A Dalton-based trucking company whose attorney says it is owed hundreds of thousands of dollars in promised fuel rebates and breached price agreements is suing travel center company Pilot Flying J to get its money back — and then some.
Employees at Cedar Creek Trucking in Dalton referred questions to their attorney, Mark Tate. He said his Savannah-based firm is the only litigant in a class action case against the company that wants Pilot CEO Jimmy Haslam to testify.
Tate said the suit centers on about an 11-month period where Cedar Creek drivers primarily used Pilot centers for fuel, but Pilot didn’t honor the pricing contracts they had agreed to.
About 25 other lawsuits against Pilot have been filed in various venues alleging wrongdoing related to price agreements Pilot didn’t honor, according to news reports. Tate said Cedar Creek’s suit was filed in Knox County Circuit Court in Tennessee a few days ago. Pilot’s main place of business is in Knoxville, which is in Knox County. In addition to gaining punitive damages, the plaintiffs also want to dig into what happened and who was involved, Tate said.
The company recently refused a proposed settlement in which Pilot offered to pay 100 percent of the rebates plus 6 percent interest. U.S. District Judge James Moody in Arkansas gave preliminary approval of the settlement and said the parties have until mid-October to opt out.
Cedar Creek is having no part of it.
While the amount Cedar Creek is owed is still being determined, the figure is certainly six digits, Tate said.
Haslam has not been charged in the alleged scheme and has said he was unaware of any wrongdoing. The suit seeks to depose Haslam and other executives in October. According to The Tennessean newspaper, Pilot spokesman Tom Ingram, one of the individuals set to be deposed, is a well-known lobbyist who is also a consultant to Haslam’s brother, Tennessee Gov. Bill Haslam.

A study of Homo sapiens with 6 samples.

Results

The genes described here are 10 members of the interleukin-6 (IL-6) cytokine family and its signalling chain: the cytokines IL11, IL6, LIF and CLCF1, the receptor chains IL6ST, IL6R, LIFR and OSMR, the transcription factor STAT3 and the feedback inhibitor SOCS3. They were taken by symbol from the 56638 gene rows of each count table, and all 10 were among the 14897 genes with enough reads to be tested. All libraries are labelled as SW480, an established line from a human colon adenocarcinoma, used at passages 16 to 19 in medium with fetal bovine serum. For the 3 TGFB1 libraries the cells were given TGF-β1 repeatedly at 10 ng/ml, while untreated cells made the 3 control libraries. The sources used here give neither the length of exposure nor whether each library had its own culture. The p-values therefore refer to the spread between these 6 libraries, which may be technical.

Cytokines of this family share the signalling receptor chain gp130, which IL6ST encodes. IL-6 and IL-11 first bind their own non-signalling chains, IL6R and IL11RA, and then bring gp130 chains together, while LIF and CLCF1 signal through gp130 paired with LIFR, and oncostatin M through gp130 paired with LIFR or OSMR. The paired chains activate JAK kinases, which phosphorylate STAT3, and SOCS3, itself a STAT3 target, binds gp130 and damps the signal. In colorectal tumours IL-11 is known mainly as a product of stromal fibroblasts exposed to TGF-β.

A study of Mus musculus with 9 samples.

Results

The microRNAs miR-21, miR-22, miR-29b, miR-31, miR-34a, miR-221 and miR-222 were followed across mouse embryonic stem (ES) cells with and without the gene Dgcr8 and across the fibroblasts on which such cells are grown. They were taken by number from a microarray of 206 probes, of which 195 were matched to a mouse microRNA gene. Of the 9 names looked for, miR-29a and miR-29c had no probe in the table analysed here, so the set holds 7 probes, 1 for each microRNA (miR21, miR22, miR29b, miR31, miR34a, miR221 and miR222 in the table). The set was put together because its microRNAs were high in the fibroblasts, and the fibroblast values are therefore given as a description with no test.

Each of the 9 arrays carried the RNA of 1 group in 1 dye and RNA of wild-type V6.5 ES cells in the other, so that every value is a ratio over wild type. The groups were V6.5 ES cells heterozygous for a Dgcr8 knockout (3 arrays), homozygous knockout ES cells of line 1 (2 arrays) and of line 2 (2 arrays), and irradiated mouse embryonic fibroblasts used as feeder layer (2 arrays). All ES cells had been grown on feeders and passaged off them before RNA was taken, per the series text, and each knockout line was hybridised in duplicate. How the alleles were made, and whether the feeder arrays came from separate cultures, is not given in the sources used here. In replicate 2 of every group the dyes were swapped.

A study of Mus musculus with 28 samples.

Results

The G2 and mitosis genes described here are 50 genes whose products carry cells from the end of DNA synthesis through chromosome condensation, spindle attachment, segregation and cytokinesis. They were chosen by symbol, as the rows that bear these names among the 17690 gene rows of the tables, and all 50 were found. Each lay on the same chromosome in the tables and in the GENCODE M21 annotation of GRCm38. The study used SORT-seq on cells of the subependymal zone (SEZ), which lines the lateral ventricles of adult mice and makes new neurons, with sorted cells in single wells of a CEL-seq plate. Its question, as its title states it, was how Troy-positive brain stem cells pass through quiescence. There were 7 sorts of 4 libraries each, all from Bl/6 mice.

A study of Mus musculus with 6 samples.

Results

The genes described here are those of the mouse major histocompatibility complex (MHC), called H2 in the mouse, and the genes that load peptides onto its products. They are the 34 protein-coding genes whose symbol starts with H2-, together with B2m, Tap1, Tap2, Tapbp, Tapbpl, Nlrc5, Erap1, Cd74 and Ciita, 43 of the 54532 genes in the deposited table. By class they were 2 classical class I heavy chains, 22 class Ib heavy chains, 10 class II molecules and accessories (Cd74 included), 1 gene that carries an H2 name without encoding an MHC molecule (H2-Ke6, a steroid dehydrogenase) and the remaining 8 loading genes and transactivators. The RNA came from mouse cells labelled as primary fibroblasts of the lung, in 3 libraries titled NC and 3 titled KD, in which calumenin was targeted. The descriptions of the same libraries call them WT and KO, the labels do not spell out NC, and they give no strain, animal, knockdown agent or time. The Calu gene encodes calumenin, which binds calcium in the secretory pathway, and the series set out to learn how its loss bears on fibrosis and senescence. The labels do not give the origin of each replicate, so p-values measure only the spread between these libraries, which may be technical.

Asked how the company would respond to the suit, a Pilot spokeswoman said in a written statement, “We’ve been advised by counsel that class action lawsuits in a manner like this are expected and no surprise. Our counsel will review them as they come and defend them appropriately.”
Tate said he’s anxious to get to the bottom of the situation and hold Pilot accountable.
“The payment of money that you get caught stealing is only a start,” Tate said. “There’s no business loan anywhere that would allow a 6 percent loan, so they’re entitled to punitive damages.”
Exactly how much is still being worked out.
The case against Pilot is so significant that the travel center company has built a website — rebateeducation.pilotflyingj.com — aimed at responding to questions about it. The legal action follows an FBI inquiry into allegations that Pilot employees schemed to withhold customers’ rebates.
Pilot’s website notes the courts so far “did not decide in favor” of either Pilot or the plaintiffs. “Instead, both sides agreed to settle this case to avoid the cost and risk of trial. The settlement does not mean that any law was broken or that Defendants did anything wrong. Defendants deny all legal claims in this case. The Class Representatives and their lawyers think the settlement is best for all...”
According to Cedar Creek’s website, www.cedarcreektrucking.com, the company is a refrigerated truckload carrier that has offered service “from the southeast to the west and northwest for nearly a decade.”
Justin Jones, a Dalton-based consultant for the firm, said he couldn’t comment directly on the lawsuit but could talk about the company. Started in about 2002 and incorporated some four years later, it grew from about 30 employees to its current roster of about 100, he said. The company is based near the Valley Point schools.
“We’re one of the few companies that weathered the recession,” Jones said.